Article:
April 2, 1996

WASHINGTON (AP) _ Some of the best teachers of the future are already in American classrooms, according to a teacher recruiting group that wants to see more of the nation’s 455,540 classroom aides become licensed instructors.

``An estimated 2 million new teachers will be needed over the next 10 years,″ said David Haselkorn, president of Recruiting New Teachers Inc. ``These classroom understudies could be the stars.″

More teachers will be needed because of a projected enrollment boom, caused partly by immigration, and teacher retirements, he said. Teacher shortages already are being reported in some large cities, which are especially in need of bilingual and special education instructors, he said.

The nonprofit Recruiting New Teachers, based in Belmont, Mass., released a study here Tuesday that says 77 percent of the more than 9,000 teacher aides studying to become professional teachers are minorities.

They typically live in the urban school districts in which they work, understand the culture of the community and can design strategies to reach these students, the study says.

``Sometimes I walk to school with students. I go down the same alleys and see the problems,″ said Jonas Calderon, a former teacher aide who now teaches at Foshay Learning Center in south-central Los Angeles.

Living in the community helps him better understand and relate to the students, said Calderon, who escaped the civil war in El Salvador in 1985 and immigrated to the United States at the age of 15.

He became a teacher after receiving financial help from the Ford Foundation-supported Latino Teacher Project at the University of Southern California.

Like her students at Martin Luther King Jr. Elementary School in Hartford, Conn., Barbara Gordon Cobb grew up poor and disadvantaged. Ms. Cobb, a divorced mother of three, worked during the day and studied at night, becoming the first graduate of a Connecticut Department of Education program called Teaching Opportunities for Paraprofessionals.

``The children can look at the roads I traveled and know that they can travel the same roads, or chart their own course,″ said Cobb, who fell in love with teaching during her 19 years as a teaching assistant.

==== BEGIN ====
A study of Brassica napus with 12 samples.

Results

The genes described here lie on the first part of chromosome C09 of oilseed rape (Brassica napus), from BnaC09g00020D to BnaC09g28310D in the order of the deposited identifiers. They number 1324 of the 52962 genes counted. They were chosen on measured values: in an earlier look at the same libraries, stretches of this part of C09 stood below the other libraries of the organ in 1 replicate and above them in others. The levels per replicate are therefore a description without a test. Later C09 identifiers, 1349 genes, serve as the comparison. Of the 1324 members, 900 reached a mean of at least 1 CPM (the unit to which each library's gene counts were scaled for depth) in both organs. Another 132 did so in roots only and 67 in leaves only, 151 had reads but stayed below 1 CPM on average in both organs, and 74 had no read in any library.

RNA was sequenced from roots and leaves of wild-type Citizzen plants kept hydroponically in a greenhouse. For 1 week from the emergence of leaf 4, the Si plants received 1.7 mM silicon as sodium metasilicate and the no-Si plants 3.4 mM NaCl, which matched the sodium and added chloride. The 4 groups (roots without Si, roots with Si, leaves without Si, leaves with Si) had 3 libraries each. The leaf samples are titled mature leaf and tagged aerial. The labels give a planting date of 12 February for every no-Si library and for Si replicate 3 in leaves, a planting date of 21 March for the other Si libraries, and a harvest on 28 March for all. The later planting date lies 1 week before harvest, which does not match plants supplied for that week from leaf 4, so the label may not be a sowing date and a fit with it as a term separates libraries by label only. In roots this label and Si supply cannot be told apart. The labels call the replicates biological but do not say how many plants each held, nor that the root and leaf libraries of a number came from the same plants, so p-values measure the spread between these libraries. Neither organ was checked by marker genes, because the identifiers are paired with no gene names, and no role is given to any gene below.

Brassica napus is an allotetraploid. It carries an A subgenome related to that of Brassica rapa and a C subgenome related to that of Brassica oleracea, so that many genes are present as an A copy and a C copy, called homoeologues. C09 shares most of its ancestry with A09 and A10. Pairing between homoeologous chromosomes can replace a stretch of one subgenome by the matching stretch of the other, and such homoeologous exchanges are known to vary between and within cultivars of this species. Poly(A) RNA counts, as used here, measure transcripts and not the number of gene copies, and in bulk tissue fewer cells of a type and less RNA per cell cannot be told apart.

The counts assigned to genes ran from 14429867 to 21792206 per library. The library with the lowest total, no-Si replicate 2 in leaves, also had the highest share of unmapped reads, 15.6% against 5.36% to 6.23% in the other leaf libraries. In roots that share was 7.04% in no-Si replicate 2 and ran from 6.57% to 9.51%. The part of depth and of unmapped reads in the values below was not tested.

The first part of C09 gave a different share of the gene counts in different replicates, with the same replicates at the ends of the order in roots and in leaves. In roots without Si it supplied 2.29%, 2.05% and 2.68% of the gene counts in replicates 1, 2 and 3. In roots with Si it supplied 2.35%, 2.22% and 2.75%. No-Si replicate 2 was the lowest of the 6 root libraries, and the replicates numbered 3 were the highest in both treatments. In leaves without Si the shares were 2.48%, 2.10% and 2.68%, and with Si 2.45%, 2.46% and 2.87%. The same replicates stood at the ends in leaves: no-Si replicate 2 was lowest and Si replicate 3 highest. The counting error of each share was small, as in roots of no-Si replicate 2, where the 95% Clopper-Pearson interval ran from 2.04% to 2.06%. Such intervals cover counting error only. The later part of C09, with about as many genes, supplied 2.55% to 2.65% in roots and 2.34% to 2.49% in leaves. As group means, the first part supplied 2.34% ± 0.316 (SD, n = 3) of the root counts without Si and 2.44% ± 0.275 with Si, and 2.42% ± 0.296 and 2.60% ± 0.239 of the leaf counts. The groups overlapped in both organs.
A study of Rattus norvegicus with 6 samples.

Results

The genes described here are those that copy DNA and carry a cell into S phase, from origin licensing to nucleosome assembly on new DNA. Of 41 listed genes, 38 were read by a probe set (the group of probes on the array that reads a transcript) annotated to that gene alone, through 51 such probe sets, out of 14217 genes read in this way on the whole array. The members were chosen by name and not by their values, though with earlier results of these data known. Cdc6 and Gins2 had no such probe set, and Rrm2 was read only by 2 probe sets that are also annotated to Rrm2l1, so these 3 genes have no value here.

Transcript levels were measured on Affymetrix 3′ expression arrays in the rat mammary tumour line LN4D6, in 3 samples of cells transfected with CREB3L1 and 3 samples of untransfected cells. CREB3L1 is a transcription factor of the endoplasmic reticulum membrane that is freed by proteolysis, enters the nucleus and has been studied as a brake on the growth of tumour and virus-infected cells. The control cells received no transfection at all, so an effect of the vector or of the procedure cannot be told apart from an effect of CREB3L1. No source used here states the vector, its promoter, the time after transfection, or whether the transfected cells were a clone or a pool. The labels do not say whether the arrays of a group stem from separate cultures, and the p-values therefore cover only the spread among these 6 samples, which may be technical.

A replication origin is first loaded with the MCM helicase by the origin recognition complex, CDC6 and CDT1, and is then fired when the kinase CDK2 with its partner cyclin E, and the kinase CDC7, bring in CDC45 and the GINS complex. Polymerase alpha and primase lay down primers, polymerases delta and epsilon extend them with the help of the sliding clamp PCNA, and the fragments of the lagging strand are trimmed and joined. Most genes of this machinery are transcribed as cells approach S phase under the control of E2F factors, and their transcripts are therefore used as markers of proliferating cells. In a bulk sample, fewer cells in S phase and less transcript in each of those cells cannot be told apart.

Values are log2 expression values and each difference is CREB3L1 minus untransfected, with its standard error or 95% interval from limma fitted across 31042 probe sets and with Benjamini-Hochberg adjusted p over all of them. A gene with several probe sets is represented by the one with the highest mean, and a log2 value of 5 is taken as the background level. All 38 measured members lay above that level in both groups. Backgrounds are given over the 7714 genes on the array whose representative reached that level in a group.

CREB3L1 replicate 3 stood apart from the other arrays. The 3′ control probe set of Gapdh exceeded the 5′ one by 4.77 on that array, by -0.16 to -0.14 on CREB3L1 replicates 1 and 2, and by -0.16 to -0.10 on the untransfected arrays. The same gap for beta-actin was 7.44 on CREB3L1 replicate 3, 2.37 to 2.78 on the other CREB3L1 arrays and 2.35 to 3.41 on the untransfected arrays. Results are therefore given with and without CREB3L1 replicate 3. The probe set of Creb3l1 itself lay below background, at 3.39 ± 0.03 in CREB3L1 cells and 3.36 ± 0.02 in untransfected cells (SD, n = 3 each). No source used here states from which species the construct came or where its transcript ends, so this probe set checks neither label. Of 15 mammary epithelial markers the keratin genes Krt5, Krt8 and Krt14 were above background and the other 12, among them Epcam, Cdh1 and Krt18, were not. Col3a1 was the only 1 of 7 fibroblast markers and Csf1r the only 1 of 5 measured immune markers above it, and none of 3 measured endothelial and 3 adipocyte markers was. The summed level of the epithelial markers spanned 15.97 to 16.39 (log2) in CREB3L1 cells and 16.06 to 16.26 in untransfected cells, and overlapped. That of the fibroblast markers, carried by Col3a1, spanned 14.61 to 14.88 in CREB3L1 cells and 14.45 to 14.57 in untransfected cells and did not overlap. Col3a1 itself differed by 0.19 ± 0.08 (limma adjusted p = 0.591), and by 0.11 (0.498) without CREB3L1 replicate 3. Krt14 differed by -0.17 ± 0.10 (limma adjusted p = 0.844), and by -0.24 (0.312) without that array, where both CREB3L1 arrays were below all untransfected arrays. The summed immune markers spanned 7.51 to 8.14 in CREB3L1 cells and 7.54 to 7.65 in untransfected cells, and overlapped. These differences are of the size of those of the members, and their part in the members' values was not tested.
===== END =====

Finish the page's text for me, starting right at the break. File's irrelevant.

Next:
The study was commissioned by the DeWitt Wallace-Reader’s Digest Fund, which since 1989 has provided $40 million to programs helping teacher aides become teachers.

The study reviewed 150 programs in more than 30 states that typically include regular college and university work, field training and summer and weekend courses leading to bachelor’s and master’s degrees.

In the 1970s, federal programs for teacher aides wanting to become teachers multiplied. At its peak, the federally funded Career Opportunities Program provided nearly $27 million a year, helping a total of 15,000 paraprofessionals become teachers. The loss of federal funding led to the demise of several programs, although several have rebounded since the late 1980s, largely because of backing from foundations.

The study calls on Congress to maintain or expand federal programs that support teacher training, special education and bilingual education and offer financial aid to part-time and adult college students. The federal Title I program, which provides money to schools that educate low-income students, helps pay teacher aides’ wages.

While supportive of the teacher aide-to-teacher training programs, Deputy Education Secretary Madeleine Kunin said Congress has slated cuts for the Title I program.

``We can’t make promises of money. Hopefully, Title I will be restored,″ she said.